Who would guess that Sueños is a Chicago-based Latin band, led by a Japanese-American who is inspired by the feel of Latin music and magnetizes audiences throughout the metropolitan area with its force?
Hashimoto has developed a passion for Latin music, strangely enough, and has explored its depth and breadth by giving just a glimpse of its complexity by including songs that incorporate calypso, mambo, rumba, cha-cha and bossa nova into a comprehensive overview of Latin music. All but three of the pieces on Azul Oscuro are written by Hashimoto as well.
The three exceptions include Ray Baretto’s "Acid," which involves a surging, irresistible interpretation started by a throbbing bass line and Chappell’s propulsive but controlled drumming, highlighting saxophonist Don Hesler’s fervent shaping of the tune’s mood. Eventually, trumpeter Steve Thomas joins Hesler in another minute of free improvisation before Smith calms things down with his steel pan work, only to have the proceedings charged again by Rendón’s conga workout. Sueños covers the traditional "Enamorado" without much elaboration as it becomes a showcase for Michael Levin as he plays the melody on both flute and clarinet. Based on Paulinho Garcia’s arrangement, "Enamorado" proves the cohesiveness of the group as they reinforce each other for a respectful and understated totality of effect. Though pianist Bob Long remains content to play clavé under Levin through most of the recording, when he breaks into solo, he shows once again the superb musicianship of all of the members of Sueños. The third song not written by Hashimoto is Lennon and McCartney’s "Eleanor Rigby," which undergoes a rousing Latin transformation somewhat akin to the feel of Stevie Wonder’s "Don’t You Worry About A Thing."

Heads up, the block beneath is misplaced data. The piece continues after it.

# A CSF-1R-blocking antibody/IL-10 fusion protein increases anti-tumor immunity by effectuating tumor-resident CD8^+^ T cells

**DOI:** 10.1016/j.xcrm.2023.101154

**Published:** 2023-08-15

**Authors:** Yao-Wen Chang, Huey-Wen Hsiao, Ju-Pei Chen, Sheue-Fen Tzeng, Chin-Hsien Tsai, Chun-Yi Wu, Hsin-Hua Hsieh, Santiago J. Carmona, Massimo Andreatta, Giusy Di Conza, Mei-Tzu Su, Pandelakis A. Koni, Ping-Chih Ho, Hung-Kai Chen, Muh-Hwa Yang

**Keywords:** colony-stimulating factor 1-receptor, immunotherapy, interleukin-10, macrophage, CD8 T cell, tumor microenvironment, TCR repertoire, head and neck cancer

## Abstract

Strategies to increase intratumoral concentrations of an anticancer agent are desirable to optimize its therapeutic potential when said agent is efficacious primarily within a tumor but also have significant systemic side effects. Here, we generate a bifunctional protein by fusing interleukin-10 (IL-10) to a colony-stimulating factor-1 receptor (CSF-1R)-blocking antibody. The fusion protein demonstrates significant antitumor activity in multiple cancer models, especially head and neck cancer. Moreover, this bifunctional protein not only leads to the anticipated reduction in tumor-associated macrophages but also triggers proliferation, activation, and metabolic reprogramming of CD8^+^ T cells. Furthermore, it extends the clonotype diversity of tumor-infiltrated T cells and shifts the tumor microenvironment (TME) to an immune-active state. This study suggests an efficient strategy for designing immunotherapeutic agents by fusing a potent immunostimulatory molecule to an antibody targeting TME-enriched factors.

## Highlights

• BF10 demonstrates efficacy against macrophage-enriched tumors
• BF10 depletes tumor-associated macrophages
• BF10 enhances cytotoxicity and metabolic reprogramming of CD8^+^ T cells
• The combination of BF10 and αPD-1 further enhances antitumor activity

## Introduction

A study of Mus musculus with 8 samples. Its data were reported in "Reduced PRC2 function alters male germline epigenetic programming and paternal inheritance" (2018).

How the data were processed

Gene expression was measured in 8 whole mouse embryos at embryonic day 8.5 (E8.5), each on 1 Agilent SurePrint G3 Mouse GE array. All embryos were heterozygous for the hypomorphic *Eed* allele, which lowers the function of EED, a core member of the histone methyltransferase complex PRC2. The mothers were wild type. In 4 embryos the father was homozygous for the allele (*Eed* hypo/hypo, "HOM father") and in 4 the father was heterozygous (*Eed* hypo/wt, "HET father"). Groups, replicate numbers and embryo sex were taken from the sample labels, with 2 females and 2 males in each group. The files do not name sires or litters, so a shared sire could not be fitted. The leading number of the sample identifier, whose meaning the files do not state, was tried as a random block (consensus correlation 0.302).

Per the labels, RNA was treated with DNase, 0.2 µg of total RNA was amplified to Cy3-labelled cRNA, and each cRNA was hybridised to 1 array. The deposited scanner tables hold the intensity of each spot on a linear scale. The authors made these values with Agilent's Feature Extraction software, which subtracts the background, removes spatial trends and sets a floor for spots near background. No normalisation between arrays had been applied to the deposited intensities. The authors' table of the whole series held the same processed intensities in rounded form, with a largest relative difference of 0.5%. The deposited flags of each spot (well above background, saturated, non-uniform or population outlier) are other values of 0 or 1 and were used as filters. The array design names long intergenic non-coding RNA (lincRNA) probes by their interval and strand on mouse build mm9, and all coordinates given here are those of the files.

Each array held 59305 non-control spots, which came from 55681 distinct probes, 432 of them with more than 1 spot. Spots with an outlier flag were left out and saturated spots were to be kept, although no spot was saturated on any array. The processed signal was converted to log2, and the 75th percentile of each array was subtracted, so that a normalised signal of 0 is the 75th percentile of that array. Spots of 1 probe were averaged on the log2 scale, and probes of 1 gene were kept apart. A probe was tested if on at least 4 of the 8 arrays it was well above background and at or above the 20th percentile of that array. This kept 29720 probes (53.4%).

Hashimoto’s compositions have an air of familiarity about them, no doubt because he has absorbed Latin music so eagerly and thoroughly. "Tango El Gato’s" introduction recalls Tito Puente’s "Oye Como Va," but the group takes the music in another direction, through impassioned improvisation, even though the vamp remains throughout the track. His "Goya," a tribute to the Spanish painter, incorporates a six-eight, hand-clapping-type rhythm of call and response in which Michael Kent Smith’s acoustic guitar alternates with Levin’s swirling clarinet lines. Or Hasimoto’s "Hiroshi" slows things down for more poignant ballad to which Hesler adds much emotional weight with his rich tenor sound.
Azul Oscuro offers an overview of Latin music from a dedicated practitioner of the genre who keeps Chicagoans attuned to its fun, complexity and excitement.